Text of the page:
Virtually all commentators on King v. Burwell agree that a Supreme Court ruling against the government would be disruptive. But most skip over the potential real-world impact of the loss of health insurance subsides for millions of people, preferring instead to speculate on how Congress, the Obama administration, or the states might stave off insurance market failures. This is the fourth in a series of four posts examining the serious consequences of a decision that would terminate subsidies for residents of the 34 states that have federally run health insurance marketplaces. Today we look at how states would fare under the “Subsidy Shutdown” scenario.
Just days after his inauguration last month, the Republican governor of Arkansas, Asa Hutchinson, had to decide whether to challenge many in his own party and seek renewal of the state’s innovative Medicaid expansion. In deciding to support renewal, Hutchinson considered both the human and financial costs of turning down millions of federal dollars and eliminating coverage for 200,000 Arkansans.
“The human side tugs at our heart strings and rightfully is a factor in this debate,” Hutchinson said.
Thirty-four governors across the country will need to weigh a similar choice if the Subsidy Shutdown occurs—though on a much bigger scale. In Florida alone, 1.6 million people have selected plans through the federal marketplace; in Texas, it’s 1.2 million. The vast majority of these enrollees receive subsidies that would end after a Subsidy Shutdown, and even those with unsubsidized coverage would soon face higher premiums. As many enrollees stop paying their premiums, hospitals and doctors will go unpaid and illness will go untreated. If there is no federal solution to the Subsidy Shutdown, it will be up to governors to decide whether they are willing to take the steps necessary to establish a state marketplace and restore the subsidies.
The results could mirror what happened when the Supreme Court made the expansion of Medicaid eligibility voluntary in 2012. Three years later, 28 states and the District of Columbia have expanded, and several others are actively considering doing so. Because the cost of subsidies is born entirely by the federal government—and is therefore in some respects a better deal for states than the Medicaid expansion—we would expect many of the 13 states that have already expanded Medicaid but still have a federally run marketplace to consider establishing a state marketplace to restore the subsidies. Nevertheless, there are logistical, political, and financial challenges to establishing a state marketplace, and there will undoubtedly be holdouts, at least for some time. In fact, there may be more than a dozen states willing to let their residents become uninsured again—which would lead to significant inequalities in coverage across states.
There is little doubt about what will happen to insurance markets in states that refuse to act in the face of a Subsidy Shutdown. History shows that the Affordable Care Act’s insurance market reforms, such as bans on preexisting condition exclusions, will not work properly in the absence of subsidized coverage. Prior to the ACA’s enactment, five states—Massachusetts, New Jersey, New York, Rhode Island, and Vermont—had provided consumers guaranteed access to individual health insurance but did not enact an individual mandate or sufficient subsidies to make coverage affordable. In every case, the results were escalating prices and shrinking enrollment, as premium increases drove young and healthy people out of the market. After New York implemented its reforms, the percentage of residents under age 65 who were uninsured actually increased, from 14 percent to 20 percent, with premiums rising by as much as 40 percent. Massachusetts alone reversed the trend with a second round of reform that supplemented guaranteed access with an individual mandate and broader subsidies, the so-called “three-legged stool” that subsequently became the model for the ACA.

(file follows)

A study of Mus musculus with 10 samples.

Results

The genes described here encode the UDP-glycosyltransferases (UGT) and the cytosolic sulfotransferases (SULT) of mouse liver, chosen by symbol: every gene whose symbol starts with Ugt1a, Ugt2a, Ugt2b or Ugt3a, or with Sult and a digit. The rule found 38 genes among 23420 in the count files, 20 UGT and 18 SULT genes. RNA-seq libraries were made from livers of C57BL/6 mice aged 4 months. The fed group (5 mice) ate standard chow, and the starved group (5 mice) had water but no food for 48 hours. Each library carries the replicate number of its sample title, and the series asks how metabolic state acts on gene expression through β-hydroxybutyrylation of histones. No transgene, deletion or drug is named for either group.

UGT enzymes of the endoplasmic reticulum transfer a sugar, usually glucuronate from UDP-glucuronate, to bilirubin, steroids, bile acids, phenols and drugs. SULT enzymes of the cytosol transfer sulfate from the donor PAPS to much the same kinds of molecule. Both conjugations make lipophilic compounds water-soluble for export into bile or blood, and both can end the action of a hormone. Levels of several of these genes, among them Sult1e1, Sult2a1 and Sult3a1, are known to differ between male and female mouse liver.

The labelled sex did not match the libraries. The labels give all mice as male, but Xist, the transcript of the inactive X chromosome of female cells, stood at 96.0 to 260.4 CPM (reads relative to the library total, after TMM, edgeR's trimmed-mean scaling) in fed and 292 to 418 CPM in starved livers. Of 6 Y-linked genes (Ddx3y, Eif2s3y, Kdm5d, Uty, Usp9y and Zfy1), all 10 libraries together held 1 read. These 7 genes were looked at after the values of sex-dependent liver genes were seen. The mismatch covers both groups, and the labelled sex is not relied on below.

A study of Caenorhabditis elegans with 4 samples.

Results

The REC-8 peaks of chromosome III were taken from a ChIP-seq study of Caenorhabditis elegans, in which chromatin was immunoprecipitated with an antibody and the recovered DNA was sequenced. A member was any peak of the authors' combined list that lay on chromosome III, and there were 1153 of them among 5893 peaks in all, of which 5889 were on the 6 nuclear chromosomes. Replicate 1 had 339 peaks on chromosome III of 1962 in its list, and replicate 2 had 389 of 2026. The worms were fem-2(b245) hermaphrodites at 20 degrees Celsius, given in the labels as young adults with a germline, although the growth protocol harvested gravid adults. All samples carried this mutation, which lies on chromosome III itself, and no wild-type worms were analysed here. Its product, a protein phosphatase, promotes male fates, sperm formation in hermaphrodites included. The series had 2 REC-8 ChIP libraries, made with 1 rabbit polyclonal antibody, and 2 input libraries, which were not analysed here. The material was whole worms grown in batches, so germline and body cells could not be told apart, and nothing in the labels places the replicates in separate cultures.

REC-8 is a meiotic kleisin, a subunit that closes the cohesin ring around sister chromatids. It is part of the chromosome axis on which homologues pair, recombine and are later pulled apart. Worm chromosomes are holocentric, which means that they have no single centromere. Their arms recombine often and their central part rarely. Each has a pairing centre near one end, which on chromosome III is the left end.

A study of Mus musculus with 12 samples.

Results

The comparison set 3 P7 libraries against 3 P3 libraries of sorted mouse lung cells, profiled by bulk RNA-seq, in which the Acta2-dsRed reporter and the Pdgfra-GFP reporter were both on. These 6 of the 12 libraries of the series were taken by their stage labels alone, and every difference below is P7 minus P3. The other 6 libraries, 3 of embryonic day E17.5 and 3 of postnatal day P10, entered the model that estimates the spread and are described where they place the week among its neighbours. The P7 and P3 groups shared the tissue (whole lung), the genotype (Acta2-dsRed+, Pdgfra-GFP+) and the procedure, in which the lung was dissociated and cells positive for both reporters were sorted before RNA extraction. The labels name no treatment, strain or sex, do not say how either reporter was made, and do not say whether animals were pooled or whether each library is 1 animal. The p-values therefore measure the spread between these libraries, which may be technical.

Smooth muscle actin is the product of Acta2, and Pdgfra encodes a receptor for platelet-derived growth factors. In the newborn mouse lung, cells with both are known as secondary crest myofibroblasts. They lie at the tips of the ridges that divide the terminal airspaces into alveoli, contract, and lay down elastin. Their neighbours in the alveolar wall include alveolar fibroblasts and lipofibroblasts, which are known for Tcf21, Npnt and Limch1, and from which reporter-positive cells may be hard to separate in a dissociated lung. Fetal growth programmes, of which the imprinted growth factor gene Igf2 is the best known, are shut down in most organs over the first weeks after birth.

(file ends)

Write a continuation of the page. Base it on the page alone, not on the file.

After a Subsidy Shutdown, market deterioration would start in the marketplaces, as customers quickly drop their coverage upon losing the subsidies that were paying for about 70 percent of premiums on average. Healthier people would be among the first to drop their insurance, leaving sicker people in the marketplaces. Insurers would raise premiums dramatically or exit the state’s individual insurance market altogether. Because premiums inside and outside the exchanges must be linked, the higher rates would affect the entire individual market—entrepreneurs, farmers, freelancers, and millions more who are between jobs, don’t have employer health benefits, and don’t qualify for Medicare or Medicaid. Many states would try to respond, but most would not have the resources to strengthen their safety nets enough to handle a surge in newly uninsured citizens.
As with the law’s Medicaid expansion, the U.S. Department of Health and Human Services is likely to be open to innovative approaches, so that states may be able to propose alternative paths to a state marketplace. However, this flexibility may not be sufficient for the dozen or more states that strongly oppose the ACA. In fact, five governors have already pledged not to address the loss of subsidies. Instead, the Subsidy Shutdown will only widen a growing gap between “have” and “have not” states.